Turkish President Recep Erdogan issued the warning in response to Trump's decision this week to provide arms to Kurdish Peoples' Protection Units, known by the acronym YPG. The rebel fighters are part of a rebel alliance backed by the U.S. government.
"I hope very much that this mistake will be reversed immediately," Erdogan said.
Turkey's resistance to the idea stems from its view that YPG is a threat. Ankara views the group as an extension of the Kurdistan Workers' Party, or PKK, which is considered a terrorist group by both Turkey and the United States.
"We want to believe that our allies would prefer be side by side with ourselves rather than with the terror groups," Erdogan said.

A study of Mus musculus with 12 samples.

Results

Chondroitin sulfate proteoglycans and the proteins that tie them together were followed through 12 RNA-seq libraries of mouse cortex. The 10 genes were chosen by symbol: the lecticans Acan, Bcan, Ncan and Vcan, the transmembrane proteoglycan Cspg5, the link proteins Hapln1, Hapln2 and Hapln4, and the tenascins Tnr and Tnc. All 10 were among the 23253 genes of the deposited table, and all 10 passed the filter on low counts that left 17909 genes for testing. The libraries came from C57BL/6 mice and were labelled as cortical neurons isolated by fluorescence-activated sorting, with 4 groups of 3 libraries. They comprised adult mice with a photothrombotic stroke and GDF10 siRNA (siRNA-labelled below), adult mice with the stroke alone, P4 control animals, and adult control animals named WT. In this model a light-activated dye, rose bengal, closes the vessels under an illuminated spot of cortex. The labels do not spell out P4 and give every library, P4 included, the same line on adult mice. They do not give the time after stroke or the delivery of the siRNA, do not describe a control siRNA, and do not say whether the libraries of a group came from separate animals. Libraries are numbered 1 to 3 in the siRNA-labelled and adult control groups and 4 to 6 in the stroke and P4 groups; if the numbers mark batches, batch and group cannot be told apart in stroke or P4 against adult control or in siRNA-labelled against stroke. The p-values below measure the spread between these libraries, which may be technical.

"We are keenly aware of the security concerns of our coalition partner Turkey," Pentagon spokeswoman Dana White said Tuesday, confirming the decision to arm rebels. "We want to reassure the people and government of Turkey that the U.S. is committed to preventing additional security risks and protecting our NATO ally."
For years, rebel fighters have clashed with Islamic State militants and government forces in Syria as a bloody civil war has continued to engulf the Middle Eastern country.
"[The] message to the Trump administration was that Turkey reserves the right to take military action," a senior Turkish official told The Washington Post.
Turkey's military has already carried out strikes against the Kurdish rebels in northern Syria in recent weeks, but could step up the frequency of future attacks.
Erdogan's warning comes a week before he is scheduled to meet with Trump at the White House, on May 16-17.